Need a reason to pore through the scholarly articles of Swedish scientists? Of course you don’t. But here’s one anyway.

The scientists have been hiding Bob Dylan lyrics in their articles for the last two decades, NPR says.

It started 17 years ago with the first research on flatulence, referencing — as if I have to type this — “Blowing in the Wind.”

We both really liked Bob Dylan and we thought the quotes really fitted nicely with what we were trying to achieve with the title,” professor Eddie Weitzburg at the Karolinska Institute in Stockholma said. “We’re not talking about scientific papers — we could have got in trouble for that — but rather articles we have written about research by others, book introductions, editorials and things like that.”

He and a colleague had a bet: Whoever could squeeze the most Dylan song references into articles before retirement gets a free lunch at a restaurant.

A fifth inductee, Kenneth Chien, a professor of cardiovascular research, joined the group when the four others discovered his classic title: “Tangled up in blue: Molecular cardiology in the postmolecular era.”

The Guardian says: “With five competing rivals, the pace of Dylan references accelerated. Lundberg and Weitzberg’s The Biological Role of Nitrate and Nitrite: The Times They Are a-Changin’, in 2009; Eph Receptors Tangled Up in Two in 2010; Dietary Nitrate — A Slow Train Coming, in 2011.”

Amid his sudden notoriety for the song lyrics contest, The Local asked Weitzberg, how does it feel?

“I would much rather become famous for my scientific work than for my Bob Dylan quotes,” he replied. “But yes, I am enjoying this!”

(h/t: Bob Hicks)

“He loved them to his last breath,” the Pioneer Press’ Frederick Melo writes today in his fine obituary of George Verley, who spent his life in the company of the homeless, alcoholics, and the down-and-out.

Verley, 80, the former head of Union Gospel Mission, died Friday of liver cancer.

He and his wife took in 42 foster children, Melo writes, but he was skeptical of the role of government in helping people most try to avoid, keeping the Mission free of government support.

As a child he was beaten by his stepfather, seeking temporary shelter at the mission by cooking potatoes and eggs.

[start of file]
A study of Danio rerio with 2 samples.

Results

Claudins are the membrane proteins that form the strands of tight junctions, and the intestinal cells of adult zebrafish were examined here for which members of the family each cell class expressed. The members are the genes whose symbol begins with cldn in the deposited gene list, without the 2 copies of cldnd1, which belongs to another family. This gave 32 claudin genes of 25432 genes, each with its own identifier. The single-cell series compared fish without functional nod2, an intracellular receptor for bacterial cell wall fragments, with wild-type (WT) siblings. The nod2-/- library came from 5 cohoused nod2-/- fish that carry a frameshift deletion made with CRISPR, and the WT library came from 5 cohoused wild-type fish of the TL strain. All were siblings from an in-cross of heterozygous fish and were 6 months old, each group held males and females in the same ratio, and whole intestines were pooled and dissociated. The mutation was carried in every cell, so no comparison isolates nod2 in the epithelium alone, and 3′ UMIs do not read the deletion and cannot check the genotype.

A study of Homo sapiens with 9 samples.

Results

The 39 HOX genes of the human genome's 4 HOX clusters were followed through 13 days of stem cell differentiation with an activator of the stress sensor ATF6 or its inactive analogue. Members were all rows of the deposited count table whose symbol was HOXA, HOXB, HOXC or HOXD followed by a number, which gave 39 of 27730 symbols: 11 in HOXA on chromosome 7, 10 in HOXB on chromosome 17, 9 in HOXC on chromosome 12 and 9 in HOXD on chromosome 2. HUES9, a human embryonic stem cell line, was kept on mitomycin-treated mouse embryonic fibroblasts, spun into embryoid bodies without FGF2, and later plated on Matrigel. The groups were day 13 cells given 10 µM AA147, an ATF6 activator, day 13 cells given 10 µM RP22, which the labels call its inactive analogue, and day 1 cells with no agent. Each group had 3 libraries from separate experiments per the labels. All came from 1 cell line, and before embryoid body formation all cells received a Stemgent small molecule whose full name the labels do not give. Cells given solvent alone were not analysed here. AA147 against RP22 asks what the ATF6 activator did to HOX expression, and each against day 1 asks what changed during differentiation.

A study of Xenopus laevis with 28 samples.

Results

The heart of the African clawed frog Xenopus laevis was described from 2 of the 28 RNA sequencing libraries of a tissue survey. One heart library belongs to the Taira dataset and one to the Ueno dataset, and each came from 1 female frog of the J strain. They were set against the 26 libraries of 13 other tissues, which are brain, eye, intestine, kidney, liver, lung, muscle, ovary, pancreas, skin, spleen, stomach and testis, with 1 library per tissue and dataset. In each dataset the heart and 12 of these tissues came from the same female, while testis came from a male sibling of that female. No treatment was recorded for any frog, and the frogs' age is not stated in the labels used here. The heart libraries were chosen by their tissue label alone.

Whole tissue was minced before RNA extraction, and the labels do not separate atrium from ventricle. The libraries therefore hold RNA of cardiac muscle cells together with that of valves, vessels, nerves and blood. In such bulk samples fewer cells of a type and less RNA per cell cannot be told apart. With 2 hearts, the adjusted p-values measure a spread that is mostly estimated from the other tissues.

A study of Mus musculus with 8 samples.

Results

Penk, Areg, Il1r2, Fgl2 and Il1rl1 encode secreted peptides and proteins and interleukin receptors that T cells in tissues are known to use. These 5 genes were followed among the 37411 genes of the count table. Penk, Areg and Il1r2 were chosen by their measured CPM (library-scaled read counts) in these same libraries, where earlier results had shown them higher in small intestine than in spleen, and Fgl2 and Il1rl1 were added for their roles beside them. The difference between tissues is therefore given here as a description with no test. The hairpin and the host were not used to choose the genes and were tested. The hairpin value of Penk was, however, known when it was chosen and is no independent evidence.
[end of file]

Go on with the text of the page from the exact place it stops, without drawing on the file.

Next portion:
Interviewed at the time of his retirement in 2002, he recalled trying to justify his occasional shenanigans as a child to the mission’s notoriously strict director, Peter MacFarlane, who ran the mission from 1910 to 1957, or to his successor, the gentler Harold Mordh.

“I tried to sell the leadership that I was a victim of my stepfather,” Verley said.

“I’ll never forget their response: ‘You are responsible for your own future. You cannot use yours stepfather as an excuse to not have a future or be less than you can be.’ We were never allowed to be victims.”

Makenzie Schultz and her husband, Steven, of Toddville, Iowa, are the toast of the Internet today because of a little decency they extended when they went out to eat over the weekend and had a lousy meal.

She reported on Facebook that the service was awful on Saturday night, and why wouldn’t it be since the restaurant was short staffed?

So here’s the deal. Our service tonight sucked. Took 20 minutes to get water, 40 minutes for an appetizer and over an hour for our entree. People all around us were making fun of the restaurant & how bad the service was. Yeah, it was pretty terrible.

But, it was very obvious that the issue was being short staffed, not the server. He was running around like crazy and never acted annoyed with any table. At one point we counted he had 12 tables plus the bar. More than any one person could handle!

As I sat there and watched him run back & forth and apologize for the wait, I said to Steven… Wow, this used to be us. Waiting tables. I don’t miss it at all and I never loved that job. I did it for the tips. Steven and I agreed it would feel good to make this guys night when he would probably be getting minimal to no tips due to slow service.

We walked out before he saw this and I’m not posting this for a pat on the back. I’m just sharing this as a friendly reminder to think of the entire situation, before you judge. And always always always remember where you came from.

When’s the last time you tipped $100 for bad service, just because you remember your roots?